Venue: Online


The talk will be chaired by Dr. Caroline Kamau-Mitchell, Reader in Occupational Health and Leader of Birkbeck's Brainstorming Grants Group, a College-wide research-related learning programme. The Brainstorming Grants Group is welcoming other Birkbeck staff and researchers from any subject to attend the talk in honour of Professor Sir Pissarides as a Nobel Prize winner. You will get the opportunity to learn, be inspired, and ask him questions about his academic career, winning grant funding, and becoming an intellectual pioneer.


12.00  Introduction - Dr. Caroline Kamau-Mitchell, Leader of Birkbeck's Brainstorming Grants Group

12.05  Welcome Message - Professor Julian Swann, Pro-Vice-Chancellor for Research, Birkbeck, University of London 

12.10  How to become an intellectual pioneer with 2010 Nobel Prize winner Professor Sir Christopher Pissarides 

12.40  Q&A with the audience

12.55  Closing Remarks - Professor Geoff Walters, Executive Dean of Birkbeck’s School of Business, Economics and Informatics


Online Link 

Please ensure you register in advance if you would like to attend the event in order to receive the online joining link. 



Sir Christopher Pissarides is the Regius Professor of Economics at the London School of Economics, the Professor of European Studies at the University of Cyprus and the IAS Helmut & Anna Pao Sohmen Professor-at-Large at the Hong Kong University of Science and Technology. He is also acting as the head of the Growth Laboratory of the St Pertersburg State University. He was educated at the University of Essex and the London School of Economics, and he spent the bulk of his career at the LSE. He had long visits in the US Universities of Harvard, Princeton and California at Berkeley.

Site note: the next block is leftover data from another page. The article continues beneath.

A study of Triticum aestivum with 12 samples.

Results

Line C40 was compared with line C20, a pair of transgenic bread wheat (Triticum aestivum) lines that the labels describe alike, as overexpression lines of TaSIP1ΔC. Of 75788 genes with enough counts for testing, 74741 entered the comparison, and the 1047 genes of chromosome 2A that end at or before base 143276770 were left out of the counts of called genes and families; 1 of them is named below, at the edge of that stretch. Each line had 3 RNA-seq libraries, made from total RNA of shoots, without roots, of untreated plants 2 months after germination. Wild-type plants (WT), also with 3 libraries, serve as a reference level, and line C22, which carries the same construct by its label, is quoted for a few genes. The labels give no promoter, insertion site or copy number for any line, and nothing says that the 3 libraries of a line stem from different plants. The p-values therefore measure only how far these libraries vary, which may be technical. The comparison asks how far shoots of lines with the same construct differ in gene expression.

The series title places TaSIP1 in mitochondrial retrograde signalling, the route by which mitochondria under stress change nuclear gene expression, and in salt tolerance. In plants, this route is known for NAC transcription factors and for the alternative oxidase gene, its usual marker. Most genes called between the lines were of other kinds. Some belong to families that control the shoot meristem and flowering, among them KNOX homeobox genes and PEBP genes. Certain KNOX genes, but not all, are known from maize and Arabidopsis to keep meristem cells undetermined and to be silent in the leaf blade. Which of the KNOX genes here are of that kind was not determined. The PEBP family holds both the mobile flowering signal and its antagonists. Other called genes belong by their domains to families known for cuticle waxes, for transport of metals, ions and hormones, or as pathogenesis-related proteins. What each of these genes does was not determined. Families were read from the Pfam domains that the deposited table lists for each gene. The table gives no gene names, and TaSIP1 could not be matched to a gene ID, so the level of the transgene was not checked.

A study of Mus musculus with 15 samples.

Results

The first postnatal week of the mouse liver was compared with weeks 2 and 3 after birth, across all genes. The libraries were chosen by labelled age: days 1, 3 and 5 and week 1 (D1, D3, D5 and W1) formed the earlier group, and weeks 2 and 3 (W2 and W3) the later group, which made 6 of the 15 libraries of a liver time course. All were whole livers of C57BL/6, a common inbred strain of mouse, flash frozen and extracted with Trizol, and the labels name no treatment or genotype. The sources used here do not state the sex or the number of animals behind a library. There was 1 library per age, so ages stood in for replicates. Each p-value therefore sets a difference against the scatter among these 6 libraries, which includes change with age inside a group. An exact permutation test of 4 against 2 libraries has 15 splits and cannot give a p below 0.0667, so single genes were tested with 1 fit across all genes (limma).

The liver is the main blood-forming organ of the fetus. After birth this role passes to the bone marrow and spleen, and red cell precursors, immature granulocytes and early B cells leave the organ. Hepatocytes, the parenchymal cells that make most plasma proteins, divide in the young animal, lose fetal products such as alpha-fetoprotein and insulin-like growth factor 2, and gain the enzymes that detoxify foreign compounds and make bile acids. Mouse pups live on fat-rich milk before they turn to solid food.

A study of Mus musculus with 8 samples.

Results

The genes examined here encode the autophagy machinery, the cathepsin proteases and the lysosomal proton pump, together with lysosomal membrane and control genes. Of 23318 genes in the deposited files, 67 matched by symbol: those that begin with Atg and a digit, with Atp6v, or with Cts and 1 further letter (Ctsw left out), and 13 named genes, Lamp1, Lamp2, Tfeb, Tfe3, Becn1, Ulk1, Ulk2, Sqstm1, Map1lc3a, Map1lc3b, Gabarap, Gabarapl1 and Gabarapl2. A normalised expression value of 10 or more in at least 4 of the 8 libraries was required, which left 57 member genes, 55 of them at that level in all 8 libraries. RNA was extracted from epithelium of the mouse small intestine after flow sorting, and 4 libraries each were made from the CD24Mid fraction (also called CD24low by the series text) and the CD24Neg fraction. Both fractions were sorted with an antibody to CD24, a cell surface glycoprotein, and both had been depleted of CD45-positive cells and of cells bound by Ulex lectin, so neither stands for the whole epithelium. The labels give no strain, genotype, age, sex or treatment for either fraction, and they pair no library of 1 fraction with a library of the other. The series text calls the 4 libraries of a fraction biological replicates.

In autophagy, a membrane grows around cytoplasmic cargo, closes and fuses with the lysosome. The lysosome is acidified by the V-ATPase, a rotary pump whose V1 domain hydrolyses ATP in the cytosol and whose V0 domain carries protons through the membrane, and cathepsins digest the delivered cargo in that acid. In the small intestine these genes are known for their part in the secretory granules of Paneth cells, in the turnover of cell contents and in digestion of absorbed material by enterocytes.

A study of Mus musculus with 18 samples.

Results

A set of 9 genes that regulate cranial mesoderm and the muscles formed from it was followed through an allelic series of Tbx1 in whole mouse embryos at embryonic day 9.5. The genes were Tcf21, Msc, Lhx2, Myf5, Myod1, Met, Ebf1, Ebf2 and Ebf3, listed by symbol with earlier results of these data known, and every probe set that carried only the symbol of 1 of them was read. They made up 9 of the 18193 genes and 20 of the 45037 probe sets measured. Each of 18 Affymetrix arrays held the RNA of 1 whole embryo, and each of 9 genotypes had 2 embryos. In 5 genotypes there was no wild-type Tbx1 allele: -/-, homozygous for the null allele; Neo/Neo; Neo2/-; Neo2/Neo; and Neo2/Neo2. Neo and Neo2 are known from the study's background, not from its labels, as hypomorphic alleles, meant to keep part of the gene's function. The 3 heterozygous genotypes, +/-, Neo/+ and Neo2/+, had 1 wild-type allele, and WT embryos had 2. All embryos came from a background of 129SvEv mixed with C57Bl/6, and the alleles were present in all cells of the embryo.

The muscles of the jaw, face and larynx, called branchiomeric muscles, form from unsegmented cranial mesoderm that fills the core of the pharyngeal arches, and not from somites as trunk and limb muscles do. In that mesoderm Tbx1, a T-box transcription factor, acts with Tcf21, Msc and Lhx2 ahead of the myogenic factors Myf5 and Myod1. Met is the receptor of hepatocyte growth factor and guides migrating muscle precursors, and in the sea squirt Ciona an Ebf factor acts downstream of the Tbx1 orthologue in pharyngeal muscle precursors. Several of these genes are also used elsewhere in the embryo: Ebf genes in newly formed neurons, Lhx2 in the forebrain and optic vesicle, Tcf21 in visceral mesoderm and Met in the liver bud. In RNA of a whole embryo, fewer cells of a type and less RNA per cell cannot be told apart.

Sir Christopher specialises in the economics of labour markets, monetary and fiscal policy, economic growth and structural change. He was awarded the 2010 Nobel Prize in Economics, jointly with Dale Mortensen of Northwestern University and Peter Diamond of MIT, for his work on markets with frictions. The emphasis of his work has been the labour market and the theory and policy related to unemployment. Prior to that, in 2005, he became the first European economist to win the IZA Prize in Labor Economics, sharing it again with his collaborator Dale Mortensen. He has written extensively in professional journals, magazines and the press and his book Equilibrium Unemployment Theory is an influential reference in the economics of unemployment that has been translated into many languages.